In the previous sections of this chapter we have illustrated hypothesis testing applications that are considered significance tests. After formulating the null and alternative hypotheses, we selected a sample and computed the value of a test statistic and the associated p-value. We then compared thep-value to a controlled probability of a Type I error, a, which is called the level of significance for the test. If p-value < a, we made the conclusion “reject H_{0}” and declared the results significant; otherwise, we made the conclusion “do not reject H_{0}.” With a significance test, we control the probability of making the Type I error, but not the Type II error. Thus, we recommended the conclusion “do not reject H_{0}” rather than “accept H_{0}” because the latter puts us at risk of making the Type II error of accepting H_{0} when it is false. With the conclusion “do not reject H_{0},” the statistical evidence is considered inconclusive and is usually an indication to postpone a decision or action until further research and testing can be undertaken.

However, if the purpose of a hypothesis test is to make a decision when H_{0} is true and a different decision when H_{a} is true, the decision maker may want to, and in some cases be forced to, take action with both the conclusion do not reject H_{0} and the conclusion reject H_{0}. If this situation occurs, statisticians generally recommend controlling the probability of making a Type II error. With the probabilities of both the Type I and Type II error controlled, the conclusion from the hypothesis test is either to accept H_{0} or reject H_{0}. In the first case, H_{0} is concluded to be true, while in the second case, H_{a} is concluded true. Thus, a decision and appropriate action can be taken when either conclusion is reached.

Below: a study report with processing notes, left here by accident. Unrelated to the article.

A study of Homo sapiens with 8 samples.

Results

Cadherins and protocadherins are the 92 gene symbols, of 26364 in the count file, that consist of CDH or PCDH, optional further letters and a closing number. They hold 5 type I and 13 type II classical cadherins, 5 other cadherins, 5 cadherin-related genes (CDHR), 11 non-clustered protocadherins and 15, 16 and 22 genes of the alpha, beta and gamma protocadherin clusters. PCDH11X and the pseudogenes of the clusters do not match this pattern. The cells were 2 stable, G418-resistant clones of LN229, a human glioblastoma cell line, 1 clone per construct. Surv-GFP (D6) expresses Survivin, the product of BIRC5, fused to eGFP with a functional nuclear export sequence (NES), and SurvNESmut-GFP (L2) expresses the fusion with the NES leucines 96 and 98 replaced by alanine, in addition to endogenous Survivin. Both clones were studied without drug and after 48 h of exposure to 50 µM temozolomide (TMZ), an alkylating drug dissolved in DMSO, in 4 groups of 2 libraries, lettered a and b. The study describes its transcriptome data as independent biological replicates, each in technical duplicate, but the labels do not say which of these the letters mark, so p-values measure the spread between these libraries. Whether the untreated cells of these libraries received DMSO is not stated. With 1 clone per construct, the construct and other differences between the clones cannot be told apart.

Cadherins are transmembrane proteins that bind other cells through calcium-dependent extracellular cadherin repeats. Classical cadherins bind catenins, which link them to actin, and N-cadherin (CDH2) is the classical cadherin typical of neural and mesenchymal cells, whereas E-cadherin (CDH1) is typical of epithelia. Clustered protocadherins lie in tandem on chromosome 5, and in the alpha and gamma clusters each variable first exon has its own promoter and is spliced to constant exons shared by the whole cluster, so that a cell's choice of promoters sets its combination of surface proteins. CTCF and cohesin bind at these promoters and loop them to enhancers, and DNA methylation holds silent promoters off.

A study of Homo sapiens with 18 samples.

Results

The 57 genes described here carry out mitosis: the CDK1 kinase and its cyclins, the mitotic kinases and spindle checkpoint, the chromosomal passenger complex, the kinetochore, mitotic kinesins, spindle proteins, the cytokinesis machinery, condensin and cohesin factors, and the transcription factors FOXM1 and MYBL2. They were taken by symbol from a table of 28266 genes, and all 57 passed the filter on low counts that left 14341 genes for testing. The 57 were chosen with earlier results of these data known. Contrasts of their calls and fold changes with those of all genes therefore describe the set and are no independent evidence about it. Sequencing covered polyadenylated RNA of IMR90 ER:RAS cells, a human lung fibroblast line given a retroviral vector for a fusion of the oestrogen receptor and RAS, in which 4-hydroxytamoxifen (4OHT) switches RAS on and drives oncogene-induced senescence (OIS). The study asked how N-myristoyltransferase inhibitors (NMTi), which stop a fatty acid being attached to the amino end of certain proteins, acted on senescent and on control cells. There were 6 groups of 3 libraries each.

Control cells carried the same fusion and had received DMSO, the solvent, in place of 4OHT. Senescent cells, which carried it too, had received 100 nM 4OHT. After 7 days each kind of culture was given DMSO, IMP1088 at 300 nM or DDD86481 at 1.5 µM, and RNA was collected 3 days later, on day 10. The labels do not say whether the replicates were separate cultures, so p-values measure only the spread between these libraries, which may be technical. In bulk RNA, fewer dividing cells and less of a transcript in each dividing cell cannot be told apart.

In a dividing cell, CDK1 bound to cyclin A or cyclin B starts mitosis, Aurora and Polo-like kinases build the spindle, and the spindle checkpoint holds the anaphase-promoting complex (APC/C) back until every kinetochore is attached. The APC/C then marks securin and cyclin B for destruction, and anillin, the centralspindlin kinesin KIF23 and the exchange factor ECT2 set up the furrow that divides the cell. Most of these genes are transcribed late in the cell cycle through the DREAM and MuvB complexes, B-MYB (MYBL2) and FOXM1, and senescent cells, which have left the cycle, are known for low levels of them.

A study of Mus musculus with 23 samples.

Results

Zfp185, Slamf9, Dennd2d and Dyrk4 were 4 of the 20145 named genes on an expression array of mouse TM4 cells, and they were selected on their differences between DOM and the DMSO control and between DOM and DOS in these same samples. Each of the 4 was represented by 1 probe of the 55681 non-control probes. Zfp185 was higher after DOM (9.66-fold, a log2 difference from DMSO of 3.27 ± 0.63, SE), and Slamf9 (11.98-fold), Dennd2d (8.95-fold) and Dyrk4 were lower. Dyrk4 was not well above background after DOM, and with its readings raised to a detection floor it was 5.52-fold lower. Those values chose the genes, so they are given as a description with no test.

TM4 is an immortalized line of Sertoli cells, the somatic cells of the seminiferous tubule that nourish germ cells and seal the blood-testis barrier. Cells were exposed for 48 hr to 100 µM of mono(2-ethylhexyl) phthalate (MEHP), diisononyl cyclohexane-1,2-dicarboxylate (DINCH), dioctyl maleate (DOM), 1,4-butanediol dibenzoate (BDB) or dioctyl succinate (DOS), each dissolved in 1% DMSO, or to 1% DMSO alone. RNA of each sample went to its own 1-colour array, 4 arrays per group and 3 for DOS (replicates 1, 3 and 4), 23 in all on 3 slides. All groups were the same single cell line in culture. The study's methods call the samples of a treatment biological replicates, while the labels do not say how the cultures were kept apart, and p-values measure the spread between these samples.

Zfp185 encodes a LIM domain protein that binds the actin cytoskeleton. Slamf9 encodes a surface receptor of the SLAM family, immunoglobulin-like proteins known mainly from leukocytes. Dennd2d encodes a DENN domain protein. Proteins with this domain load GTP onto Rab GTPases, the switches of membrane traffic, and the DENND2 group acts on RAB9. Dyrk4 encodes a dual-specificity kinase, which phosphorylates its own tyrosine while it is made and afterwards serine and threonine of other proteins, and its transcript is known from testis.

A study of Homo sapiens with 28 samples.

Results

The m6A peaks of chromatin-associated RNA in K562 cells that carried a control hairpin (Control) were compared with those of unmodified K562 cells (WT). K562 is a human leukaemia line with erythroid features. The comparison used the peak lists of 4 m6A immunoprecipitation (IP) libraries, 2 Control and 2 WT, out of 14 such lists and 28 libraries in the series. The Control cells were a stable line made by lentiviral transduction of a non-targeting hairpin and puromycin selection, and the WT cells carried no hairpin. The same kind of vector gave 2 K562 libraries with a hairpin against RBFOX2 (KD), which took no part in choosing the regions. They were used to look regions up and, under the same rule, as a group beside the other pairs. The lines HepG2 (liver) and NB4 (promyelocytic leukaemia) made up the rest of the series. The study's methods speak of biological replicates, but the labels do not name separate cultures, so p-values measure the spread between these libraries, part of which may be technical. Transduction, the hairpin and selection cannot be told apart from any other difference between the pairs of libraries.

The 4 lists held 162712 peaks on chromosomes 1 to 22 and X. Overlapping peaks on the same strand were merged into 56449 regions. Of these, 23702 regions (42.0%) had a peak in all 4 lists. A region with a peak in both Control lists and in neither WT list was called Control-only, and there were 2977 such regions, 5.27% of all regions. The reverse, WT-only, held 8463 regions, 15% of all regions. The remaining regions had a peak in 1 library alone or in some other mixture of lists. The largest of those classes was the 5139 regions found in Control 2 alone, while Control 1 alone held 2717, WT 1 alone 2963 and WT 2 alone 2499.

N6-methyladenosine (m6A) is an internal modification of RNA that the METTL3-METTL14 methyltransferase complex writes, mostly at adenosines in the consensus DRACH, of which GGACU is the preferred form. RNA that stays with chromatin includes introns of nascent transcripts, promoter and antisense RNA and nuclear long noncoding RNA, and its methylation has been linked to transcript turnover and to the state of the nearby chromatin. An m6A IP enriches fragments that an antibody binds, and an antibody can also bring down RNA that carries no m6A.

A good illustration of hypothesis testing for decision making is lot-acceptance sampling, a topic we will discuss in more depth in Chapter 20. For example, a quality control manager must decide to accept a shipment of batteries from a supplier or to return the shipment because of poor quality. Assume that design specifications require batteries from the supplier to have a mean useful life of at least 120 hours. To evaluate the quality of an incoming shipment, a sample of 36 batteries will be selected and tested. On the basis of the sample, a decision must be made to accept the shipment of batteries or to return it to the supplier because of poor quality. Let m denote the mean number of hours of useful life for batteries in the shipment. The null and alternative hypotheses about the population mean follow.

If H_{0} is rejected, the alternative hypothesis is concluded to be true. This conclusion indicates that the appropriate action is to return the shipment to the supplier. However, if H_{0} is not rejected, the decision maker must still determine what action should be taken. Thus, without directly concluding that H_{0} is true, but merely by not rejecting it, the decision maker will have made the decision to accept the shipment as being of satisfactory quality.

In such decision-making situations, it is recommended that the hypothesis testing procedure be extended to control the probability of making a Type II error. Because a decision will be made and action taken when we do not reject H_{0}, knowledge of the probability of making a Type II error will be helpful. In Sections 9.7 and 9.8 we explain how to compute the probability of making a Type II error and how the sample size can be adjusted to help control the probability of making a Type II error.

Source: Anderson David R., Sweeney Dennis J., Williams Thomas A. (2019), *Statistics for Business & Economics*, Cengage Learning; 14th edition.